Getting your teeth pulled

The wisdom teeth, also known as the third molars, are the final set of molars to erupt. Not everyone keeps these teeth, nor are they necessary for having a healthy, beautiful smile. In fact, they can cause harm if they do not come in properly.

When these molars come in, usually between the ages of 16 and 20, there may not be enough room left for them to erupt. They can emerge at an angle, and may crowd the mouth or sometimes they don't fully emerge. As you can imagine, this can lead to future oral health problems like infections and pain.

The American Dental Association recommends that people have their mouth checked before the age of 20 to see how the wisdom teeth are developing. If necessary, your dentist or an oral surgeon can remove the final molars in a single outpatient procedure.

Scary? It doesn’t have to be. There are simple ways to take care of yourself – just because you had your wisdom teeth pulled doesn’t mean you can’t handle it wisely.

Post-surgery steps

After getting your wisdom teeth pulled, you are likely to experience pain and swelling. There may be some bleeding. While your mouth heals, you have to be careful not to dislodge the blood clot, or harm your healing gums.

Typical wisdom teeth recovery time is three to four days, although it can be as long as one week. The length of recovery depends a lot on how badly the wisdom teeth were impacted, and how they were erupting.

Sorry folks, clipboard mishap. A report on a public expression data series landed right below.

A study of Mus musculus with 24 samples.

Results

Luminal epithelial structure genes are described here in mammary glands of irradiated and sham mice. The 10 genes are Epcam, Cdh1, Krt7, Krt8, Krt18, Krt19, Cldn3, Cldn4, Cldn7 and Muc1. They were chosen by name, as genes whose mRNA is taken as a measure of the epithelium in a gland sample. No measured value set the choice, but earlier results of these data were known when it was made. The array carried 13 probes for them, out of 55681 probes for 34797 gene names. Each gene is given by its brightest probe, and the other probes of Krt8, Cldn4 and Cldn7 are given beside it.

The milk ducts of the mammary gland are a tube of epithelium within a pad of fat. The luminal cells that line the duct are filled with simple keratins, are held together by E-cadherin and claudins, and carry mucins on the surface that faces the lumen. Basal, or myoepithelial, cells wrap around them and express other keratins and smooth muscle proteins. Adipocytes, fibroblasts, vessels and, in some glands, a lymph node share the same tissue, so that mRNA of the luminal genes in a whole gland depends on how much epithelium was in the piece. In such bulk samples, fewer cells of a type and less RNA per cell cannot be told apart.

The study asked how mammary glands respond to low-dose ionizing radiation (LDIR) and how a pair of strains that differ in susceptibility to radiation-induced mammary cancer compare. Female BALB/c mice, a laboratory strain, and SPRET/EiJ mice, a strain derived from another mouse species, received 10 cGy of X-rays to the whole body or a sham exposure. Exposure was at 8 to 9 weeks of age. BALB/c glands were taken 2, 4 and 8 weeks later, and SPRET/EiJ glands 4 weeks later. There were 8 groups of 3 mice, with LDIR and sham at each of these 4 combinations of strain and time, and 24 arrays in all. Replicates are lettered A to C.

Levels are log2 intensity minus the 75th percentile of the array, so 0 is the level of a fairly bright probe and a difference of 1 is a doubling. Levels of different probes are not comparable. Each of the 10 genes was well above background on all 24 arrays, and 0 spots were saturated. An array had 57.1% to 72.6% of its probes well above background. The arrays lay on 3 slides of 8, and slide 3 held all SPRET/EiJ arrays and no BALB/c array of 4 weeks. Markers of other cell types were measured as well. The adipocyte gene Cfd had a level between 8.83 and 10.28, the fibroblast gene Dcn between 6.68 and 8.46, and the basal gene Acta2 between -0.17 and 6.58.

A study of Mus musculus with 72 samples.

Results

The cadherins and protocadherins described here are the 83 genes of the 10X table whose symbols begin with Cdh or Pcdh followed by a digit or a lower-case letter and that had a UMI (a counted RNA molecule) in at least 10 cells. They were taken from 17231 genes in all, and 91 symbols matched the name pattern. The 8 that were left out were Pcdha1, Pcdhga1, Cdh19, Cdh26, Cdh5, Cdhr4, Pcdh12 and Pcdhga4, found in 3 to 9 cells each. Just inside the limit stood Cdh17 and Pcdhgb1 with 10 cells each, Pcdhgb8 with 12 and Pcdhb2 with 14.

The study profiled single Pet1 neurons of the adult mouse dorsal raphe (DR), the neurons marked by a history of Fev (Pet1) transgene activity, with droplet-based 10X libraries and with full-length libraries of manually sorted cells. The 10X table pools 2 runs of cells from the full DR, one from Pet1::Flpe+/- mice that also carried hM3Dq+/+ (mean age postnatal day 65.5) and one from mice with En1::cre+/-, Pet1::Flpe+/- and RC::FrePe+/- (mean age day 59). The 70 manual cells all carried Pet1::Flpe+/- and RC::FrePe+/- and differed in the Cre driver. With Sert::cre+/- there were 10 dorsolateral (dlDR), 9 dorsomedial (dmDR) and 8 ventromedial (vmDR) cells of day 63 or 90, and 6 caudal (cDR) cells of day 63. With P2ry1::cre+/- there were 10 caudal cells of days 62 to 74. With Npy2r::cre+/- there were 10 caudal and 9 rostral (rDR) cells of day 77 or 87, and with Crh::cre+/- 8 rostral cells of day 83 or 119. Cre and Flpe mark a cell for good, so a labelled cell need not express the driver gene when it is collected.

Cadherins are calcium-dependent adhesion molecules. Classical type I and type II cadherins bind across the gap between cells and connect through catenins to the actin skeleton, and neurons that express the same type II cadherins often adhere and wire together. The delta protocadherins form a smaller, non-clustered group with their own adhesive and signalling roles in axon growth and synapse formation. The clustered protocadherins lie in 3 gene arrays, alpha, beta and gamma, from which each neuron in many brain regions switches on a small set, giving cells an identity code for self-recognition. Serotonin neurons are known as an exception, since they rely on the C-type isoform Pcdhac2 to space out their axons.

Plan on taking it easy for a few days; you can resume your normal activities after the first day in most cases, but for about a week you don't want to do anything that could dislodge the blood clot from where your teeth were removed.

Stay cool to keep pain at bay

  • Take a prescription pain killer recommended by your oral surgeon, or purchase an over-the-counter option
  • Place an ice pack over the jaw – this reduces swelling and discomfort
  • Avoid brushing, spitting, flossing and rinsing for 24 hours
  • Rinse frequently with salt water to keep your mouth clean
  • Stock up on apple sauce, yogurt, and cottage cheese. You want to eat a soft-food diet for the first day or more, and then slowly move to semi-soft foods when you’re ready.

Original content by Brenna Stone

This article is intended to promote understanding of and knowledge about general oral health topics. It is not intended to be a substitute for professional advice, diagnosis or treatment. Always seek the advice of your dentist or other qualified healthcare provider with any questions you may have regarding a medical condition or treatment.